The Quiet Quitting Trend and What to Do About It

Like you, here at The Roundtable, we’ve been hearing quite a lot about “quiet quitting.” Which, in most cases doesn’t involve quitting at all, but rather opting out of “hustle culture” that asks people to do more in less time, push harder to get bigger results, etc. Quiet quitting is really a kind of psychological shutdown. Doing your job but not living your job. In short, quiet quitting is a symptom of employees not connecting to their work or managers.

And it’s not just hearsay. A recent Deloitte report in conjunction with the independent research firm Workplace Intelligence found that nearly 70% of executives are seriously considering quitting their current positions for a job that better supports their mental well-being.

A Hidden Opportunity

With so many people thinking about quiet quitting — the concept of no longer going above and beyond — perhaps there is no better time for HR leaders to view quiet quitting as an opportunity to learn how to re-engage workers to move toward a common purpose. While companies may look to salary bumps and perks to improve the transactional elements of the employment relationship, the key for long-term retention is building a deeper connection among leaders and teams and their connection to their jobs.

The big question everyone is asking is how can we create this type of sustainable engagement? The very act of a leader or high potential being chosen for coaching can make a leader feel valued and part of an organization’s long-term plans. However, one-to-one coaching is far too expensive to apply across the board, and it simply isn’t sustainable. This is where group coaching can be a game-changer.

Build a Connection

Developing a connection to ourselves and our colleagues is the foundation that gives our work life meaning and purpose. Structured in a strategic way that creates human connection before content, cohort members feel safe to share in ways that are often both vulnerable and growth-enhancing. This psychological safety builds bonds and creates a sense of real belonging.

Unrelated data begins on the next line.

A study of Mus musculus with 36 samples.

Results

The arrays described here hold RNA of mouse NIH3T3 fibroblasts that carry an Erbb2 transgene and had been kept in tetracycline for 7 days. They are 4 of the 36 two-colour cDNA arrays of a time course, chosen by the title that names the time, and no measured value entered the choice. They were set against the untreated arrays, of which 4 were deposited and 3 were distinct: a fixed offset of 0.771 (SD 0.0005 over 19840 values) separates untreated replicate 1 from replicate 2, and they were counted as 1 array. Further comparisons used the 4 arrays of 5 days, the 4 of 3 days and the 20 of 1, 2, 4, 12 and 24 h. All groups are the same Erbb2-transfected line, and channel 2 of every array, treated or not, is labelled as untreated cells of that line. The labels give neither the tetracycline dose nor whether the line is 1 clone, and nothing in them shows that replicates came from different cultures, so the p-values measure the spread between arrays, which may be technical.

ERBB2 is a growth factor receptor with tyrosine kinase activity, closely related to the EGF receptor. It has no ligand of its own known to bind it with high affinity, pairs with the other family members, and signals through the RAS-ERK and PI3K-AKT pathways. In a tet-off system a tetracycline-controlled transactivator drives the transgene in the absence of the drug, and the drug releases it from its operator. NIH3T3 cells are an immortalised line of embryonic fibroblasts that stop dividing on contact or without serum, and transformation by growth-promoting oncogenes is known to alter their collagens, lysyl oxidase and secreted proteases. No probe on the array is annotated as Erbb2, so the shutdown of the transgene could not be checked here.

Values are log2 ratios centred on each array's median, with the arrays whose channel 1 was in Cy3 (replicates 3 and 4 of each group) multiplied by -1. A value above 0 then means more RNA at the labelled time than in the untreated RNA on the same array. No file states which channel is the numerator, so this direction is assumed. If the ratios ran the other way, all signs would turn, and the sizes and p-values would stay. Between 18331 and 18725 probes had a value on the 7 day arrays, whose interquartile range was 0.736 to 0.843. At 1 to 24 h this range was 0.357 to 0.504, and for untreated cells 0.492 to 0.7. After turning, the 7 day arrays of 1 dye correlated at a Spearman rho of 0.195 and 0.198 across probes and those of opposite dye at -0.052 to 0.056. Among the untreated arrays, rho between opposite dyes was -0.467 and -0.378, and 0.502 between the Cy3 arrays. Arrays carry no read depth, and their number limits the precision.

Refuel the Passion

Group coaching is about people feeling heard, valued and understood, and then helping them become the best version of themselves. Cohorts explore their values and beliefs, and how to connect those core drivers to the work they do. Group coaching helps people tap into the worthwhile work that they want to do, all the while building connection and relationships. It drives a renewed sense of purpose that leaders bring back to their teams.

Shift the Culture

In today’s world, the topic of breaking down silos is ongoing. A group coaching cohort brings together individuals from different parts of an organization, creating a web of relationships across departments. The participants share ideas and insights and get different perspectives across disparate business groups. These new relationships across an organization often provide an important vehicle for culture change.

Peer group coaching may be just what your organization has been looking to take its employee development efforts to the next level. If you’d like to know more about our group coaching programs, contact us to start a conversation.